Archive for August, 2010

Calvin Klein for the jaguar

(Friday, August 20th, 2010)

This one does not like Calvin Klein

This one does not like Calvin Klein

I don’t know if (and I doubt that) Calvin Klein latest technology-based perfume, Obsession for Men, can live up to the expectations it raises. This musky scent is supposed to attract women, run them wild with its potent aroma. However, wildlife photographers in the Maya Biosphere Reserve in Guatemala found that it could be used to attract jaguars, cougars and pumas to the camera traps used to get pictures of the endangered cats. Apparently, this does not only attract male jaguars, but females also like the cologne from Calvin Klein.

This was so marked that Seattle’s Woodland Park Zoo tried it on snow leopards too. This works! Consequently, the Snow Leopard Trust will try it in South Gobi, Mongolia. Remember that snow leopards are so difficult to find in the wild that apart from GPS collars, it may take months for experts before they can find one in some of the most difficult terrains.

I guess that this will soon lead to a Ig Nobel prize in the future. And some nice new photos, too.

Source: Wildlife Conservation Society – Guatemala Program

Extinction(s) on French TV (France5)

(Sunday, August 1st, 2010)

Some species of mammals are clearly confronted with the immediate risk of extinction. And, when I shoot photos of some of these at the other end of the world, I am often shocked by the immense chance I have to be able to still see these animals free in the wild for the years they have left.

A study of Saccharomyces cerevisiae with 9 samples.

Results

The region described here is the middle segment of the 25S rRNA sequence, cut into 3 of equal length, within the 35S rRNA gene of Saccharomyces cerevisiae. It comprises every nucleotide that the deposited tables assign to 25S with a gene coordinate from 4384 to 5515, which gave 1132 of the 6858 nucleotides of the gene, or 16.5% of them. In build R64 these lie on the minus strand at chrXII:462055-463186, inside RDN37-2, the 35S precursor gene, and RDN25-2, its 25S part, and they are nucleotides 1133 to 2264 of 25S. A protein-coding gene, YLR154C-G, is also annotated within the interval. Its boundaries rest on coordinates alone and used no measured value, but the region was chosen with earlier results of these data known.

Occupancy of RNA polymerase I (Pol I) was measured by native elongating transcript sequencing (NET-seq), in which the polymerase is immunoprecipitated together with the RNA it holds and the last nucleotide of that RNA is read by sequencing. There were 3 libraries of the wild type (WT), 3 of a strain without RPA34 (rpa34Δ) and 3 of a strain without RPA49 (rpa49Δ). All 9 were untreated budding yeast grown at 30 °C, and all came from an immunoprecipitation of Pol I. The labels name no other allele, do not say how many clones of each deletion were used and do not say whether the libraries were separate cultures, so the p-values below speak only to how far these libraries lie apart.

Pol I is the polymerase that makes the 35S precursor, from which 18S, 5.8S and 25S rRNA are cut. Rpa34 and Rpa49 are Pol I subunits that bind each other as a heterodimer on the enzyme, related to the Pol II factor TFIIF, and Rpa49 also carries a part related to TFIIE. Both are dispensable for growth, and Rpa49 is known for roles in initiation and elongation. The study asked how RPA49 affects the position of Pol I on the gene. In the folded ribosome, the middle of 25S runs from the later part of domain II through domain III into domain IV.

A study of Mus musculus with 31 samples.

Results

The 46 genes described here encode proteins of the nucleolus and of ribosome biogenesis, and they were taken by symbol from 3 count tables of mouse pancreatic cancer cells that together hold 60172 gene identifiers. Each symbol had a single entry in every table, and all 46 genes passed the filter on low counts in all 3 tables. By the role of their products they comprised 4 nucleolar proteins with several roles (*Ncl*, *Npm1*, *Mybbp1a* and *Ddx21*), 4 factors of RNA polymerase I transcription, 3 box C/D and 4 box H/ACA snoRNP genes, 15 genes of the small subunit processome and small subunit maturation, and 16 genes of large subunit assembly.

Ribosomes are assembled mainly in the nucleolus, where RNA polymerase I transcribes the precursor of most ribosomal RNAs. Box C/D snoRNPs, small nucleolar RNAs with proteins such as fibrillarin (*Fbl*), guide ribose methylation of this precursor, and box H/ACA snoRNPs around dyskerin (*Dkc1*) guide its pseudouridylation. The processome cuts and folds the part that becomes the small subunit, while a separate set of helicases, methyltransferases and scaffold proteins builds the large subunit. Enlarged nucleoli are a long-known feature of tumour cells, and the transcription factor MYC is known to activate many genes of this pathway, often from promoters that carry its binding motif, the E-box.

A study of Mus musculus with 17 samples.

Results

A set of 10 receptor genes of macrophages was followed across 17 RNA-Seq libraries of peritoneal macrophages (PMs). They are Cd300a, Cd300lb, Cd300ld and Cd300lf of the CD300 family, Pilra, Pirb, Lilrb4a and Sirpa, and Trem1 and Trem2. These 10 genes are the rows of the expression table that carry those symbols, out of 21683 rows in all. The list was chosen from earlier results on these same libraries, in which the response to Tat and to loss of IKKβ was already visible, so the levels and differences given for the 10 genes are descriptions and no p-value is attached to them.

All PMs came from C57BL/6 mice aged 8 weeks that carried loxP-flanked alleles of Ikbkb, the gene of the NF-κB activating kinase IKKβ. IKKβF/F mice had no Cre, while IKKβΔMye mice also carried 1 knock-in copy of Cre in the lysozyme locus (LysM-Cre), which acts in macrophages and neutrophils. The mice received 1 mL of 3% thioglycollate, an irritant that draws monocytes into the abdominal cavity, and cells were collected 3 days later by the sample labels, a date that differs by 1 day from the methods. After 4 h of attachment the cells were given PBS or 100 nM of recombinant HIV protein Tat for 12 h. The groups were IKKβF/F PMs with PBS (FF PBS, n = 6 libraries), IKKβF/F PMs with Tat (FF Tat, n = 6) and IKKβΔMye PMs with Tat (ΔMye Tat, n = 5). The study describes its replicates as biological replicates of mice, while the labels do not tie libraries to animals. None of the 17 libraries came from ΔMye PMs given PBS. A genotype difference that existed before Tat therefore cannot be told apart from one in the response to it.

For example, cheetahs were submitted to a major event of reduction in genetics diversity during the last Ice Age (less than 10,000 animals fought for survival during thousands of years). Today, the enormous competition pressure brought by Man and “its civilization”, on top of the stark competition from other carnivorous mammals (like hyenas), will most certainly bring cheetah out of the African savannas in a few years (maybe less than 20 years).

Tigers are also in a nearly desperate situation today: The last wild animals are already living in relatively small Reserves where, even free in the wild, they have become tourism subjects without being fully protected from poaching or illegal culling.


This is the context when Frédéric Lepage created a series of TV documentaries about a few emblematic species (cheetah, orangutan, tiger, elephant, jaguar, polar bear): Extinctions

I strongly recommend your being in front of the TV (France 5, French TV channel), to watch the episode for Tiger, on Friday 6 August 2010 at 20h30.